Of course, the impact of this instruction, amid the coronavirus pandemic, depends on what your home is like, how many people are rammed into it, and the age and health of those people.
Is the new social divide a split therefore between the park sunbathers and the people who have gardens?

In a tower called Whitstable House in West London, dozens of lives are suspended in 20 floors of concrete.

Coming out the block door this morning was 47-year-old Michael King, pushed out in wheelchair by his sister Clara.

He has an advanced brain tumour and needs daily chemo and radiotherapy. Because of the lockdown he can’t get the home care he needs, so Clara has given up her job as an NHS nurse to look after him.

She is one of 950,000 people who applied Universal Credit in the first fortnight of lockdown, when normally the department for work and pensions would expect 100,000 in that period.
“What we have found is it’s a let-down in the lockdown,” she said.

“Because of the lack of services, we find that we are having to do most of the care for Michael. District Nurses can’t come around. My brother wanted to see a priest, who can’t come around. I’ve had to give up working as a nurse, and it’s very difficult to get any kind of income, so it’s all very isolating and difficult.”

“I feel bad for my colleagues because they’re fighting really hard, you know, and I wish I could be with them, but it’s a risk you know because he’s immunosuppressed.”
COVID-19 doesn’t discriminate between people, but the lockdown does.

Susan Jones lives with her husband and three children, two of whom are autistic, in a one-bedroom flat with no outdoor space. For her, the lockdown is a huge ordeal.

She says: “It’s been tough because we’ve all gotten sick in quite a short period of time.
“I myself am not too well at the moment, I’ve got a few symptoms. The kids are locked indoors, I just feel it’s not okay because staying in such a cramped space and it’s obviously only getting worse, a lot more tantrums than usual. They cope much better when they have outdoor space.”
“It’s quite emotional, and psychologically it’s draining and it’s disrupted the whole routine, and that’s another thing that’s difficult with autism – the children like a set routine and right now we don’t have one.”

The impact of isolation is also difficult for those like Janet Taylor, 77. She lives alone on the 15th floor of Whitstable House, after her husband died last year. Janet has been getting her shopping and her dog walked by Joe Walsh, who lives below her.

But for the first time in two weeks, Janet decided, just once, she was going to the supermarket.
Standing outside the block she said: “I don’t like being shut-in, but it’s a case of having to. I do what I’ve got to do; washing and ironing, and all that kind of stuff, but there’s not much else you can do.”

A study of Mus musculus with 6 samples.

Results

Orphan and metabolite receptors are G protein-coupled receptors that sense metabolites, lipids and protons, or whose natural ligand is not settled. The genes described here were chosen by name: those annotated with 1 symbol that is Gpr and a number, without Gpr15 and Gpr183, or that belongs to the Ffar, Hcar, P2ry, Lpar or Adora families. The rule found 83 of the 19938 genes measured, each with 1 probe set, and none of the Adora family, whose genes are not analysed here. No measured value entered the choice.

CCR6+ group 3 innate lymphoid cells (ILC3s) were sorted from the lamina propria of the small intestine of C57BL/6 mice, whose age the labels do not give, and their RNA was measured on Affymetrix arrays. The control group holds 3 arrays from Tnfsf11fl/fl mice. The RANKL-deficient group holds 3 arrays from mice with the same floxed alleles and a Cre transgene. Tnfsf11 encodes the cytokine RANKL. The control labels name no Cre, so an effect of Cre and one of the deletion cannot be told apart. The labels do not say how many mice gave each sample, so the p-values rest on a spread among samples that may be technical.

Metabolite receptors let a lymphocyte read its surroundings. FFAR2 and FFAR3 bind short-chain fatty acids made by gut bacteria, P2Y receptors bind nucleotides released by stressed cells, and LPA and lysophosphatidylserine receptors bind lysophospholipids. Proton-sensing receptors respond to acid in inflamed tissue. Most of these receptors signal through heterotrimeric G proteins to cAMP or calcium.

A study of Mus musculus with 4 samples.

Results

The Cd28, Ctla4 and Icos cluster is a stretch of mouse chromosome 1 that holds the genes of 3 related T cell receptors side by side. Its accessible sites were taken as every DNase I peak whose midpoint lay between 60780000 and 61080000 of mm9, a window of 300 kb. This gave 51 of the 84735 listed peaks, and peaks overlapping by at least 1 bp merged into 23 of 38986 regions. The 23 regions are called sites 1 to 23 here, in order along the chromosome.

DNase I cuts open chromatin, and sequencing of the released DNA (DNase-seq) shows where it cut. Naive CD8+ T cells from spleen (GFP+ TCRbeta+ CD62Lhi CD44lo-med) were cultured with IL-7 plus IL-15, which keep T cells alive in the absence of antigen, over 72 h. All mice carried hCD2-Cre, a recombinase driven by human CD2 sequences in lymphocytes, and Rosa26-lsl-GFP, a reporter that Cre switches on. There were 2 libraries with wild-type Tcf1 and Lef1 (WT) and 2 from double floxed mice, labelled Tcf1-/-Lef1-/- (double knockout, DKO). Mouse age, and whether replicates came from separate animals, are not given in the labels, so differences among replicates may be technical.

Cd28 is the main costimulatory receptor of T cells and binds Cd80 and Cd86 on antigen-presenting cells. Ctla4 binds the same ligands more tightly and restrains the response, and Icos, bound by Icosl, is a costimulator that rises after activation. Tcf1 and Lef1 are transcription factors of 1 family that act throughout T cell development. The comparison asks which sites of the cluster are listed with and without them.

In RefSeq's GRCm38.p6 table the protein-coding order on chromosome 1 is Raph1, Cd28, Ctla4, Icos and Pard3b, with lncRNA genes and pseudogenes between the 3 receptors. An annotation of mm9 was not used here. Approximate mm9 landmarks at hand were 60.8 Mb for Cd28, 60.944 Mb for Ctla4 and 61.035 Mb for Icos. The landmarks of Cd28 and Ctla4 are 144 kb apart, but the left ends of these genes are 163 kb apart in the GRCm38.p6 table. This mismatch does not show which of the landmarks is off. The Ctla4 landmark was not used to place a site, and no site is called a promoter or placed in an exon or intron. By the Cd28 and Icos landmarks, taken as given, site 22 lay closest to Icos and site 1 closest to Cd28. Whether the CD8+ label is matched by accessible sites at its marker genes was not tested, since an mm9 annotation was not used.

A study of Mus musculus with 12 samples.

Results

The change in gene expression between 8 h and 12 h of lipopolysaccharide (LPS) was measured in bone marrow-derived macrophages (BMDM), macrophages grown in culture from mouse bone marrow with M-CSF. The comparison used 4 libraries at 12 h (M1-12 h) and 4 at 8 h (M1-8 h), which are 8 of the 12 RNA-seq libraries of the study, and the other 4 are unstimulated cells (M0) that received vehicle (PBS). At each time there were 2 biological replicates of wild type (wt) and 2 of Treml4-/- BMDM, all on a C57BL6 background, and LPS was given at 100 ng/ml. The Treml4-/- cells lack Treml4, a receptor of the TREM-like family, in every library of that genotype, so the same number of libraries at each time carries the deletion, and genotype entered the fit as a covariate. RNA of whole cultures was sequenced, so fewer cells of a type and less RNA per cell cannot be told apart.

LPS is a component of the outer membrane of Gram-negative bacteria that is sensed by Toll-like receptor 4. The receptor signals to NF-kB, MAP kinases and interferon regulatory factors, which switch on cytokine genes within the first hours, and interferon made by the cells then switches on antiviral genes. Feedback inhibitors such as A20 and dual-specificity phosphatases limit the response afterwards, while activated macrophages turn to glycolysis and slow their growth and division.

“I suppose you’ve got to do it, otherwise you end up in hospital and could be dead at the end of it, especially at my age. You know, I don’t fancy that, but there you are.”

You won’t have heard of Whitstable House, the block where Janet, Michael and Joe live, but everyone knows the block next door. Covered in white tarpaulin with a green heart at its top, is what remains of Grenfell Tower.

The tragic fire, which caused 72 deaths, created a strong community spirit in this high-rise enclave, in the way the virus has now done nationwide.
It also sparked questions over social division, and the virus is beginning to do the same. It’s not just about space, the disparity of lockdown is also economic.

People with the kind of jobs that allow them to work from home are not doing their conference calls from blocks like Whitstable House.

The Resolution Foundation believes about half of Britain’s highest-paid employees can be flexible about workplace location, but only 10% of the lower-paid workers can work from home.
So it’s much harder for them to protect their incomes and they have less to fall back on in terms of savings.

Many of the residents of Whitstable House have jobs in the service sector. They are retailers or waiters, and though the government has offered furlough payments of 80% salaries, there is huge uncertainty about whether their jobs will still exist after the lockdown.

The pleas to stay in-doors are important but it is worth remembering the sacrifices and challenges behind each of those doors – and the fallout of the rising government debt and the economic damage could well fall hardest on those who are already struggling the most.


    There’s absolutely no way social & economic inequality can exist under Aunties benevolent nanny state.

    Bloody limeys whining over a centrally-planned economic and social dystopia they’ve begged for.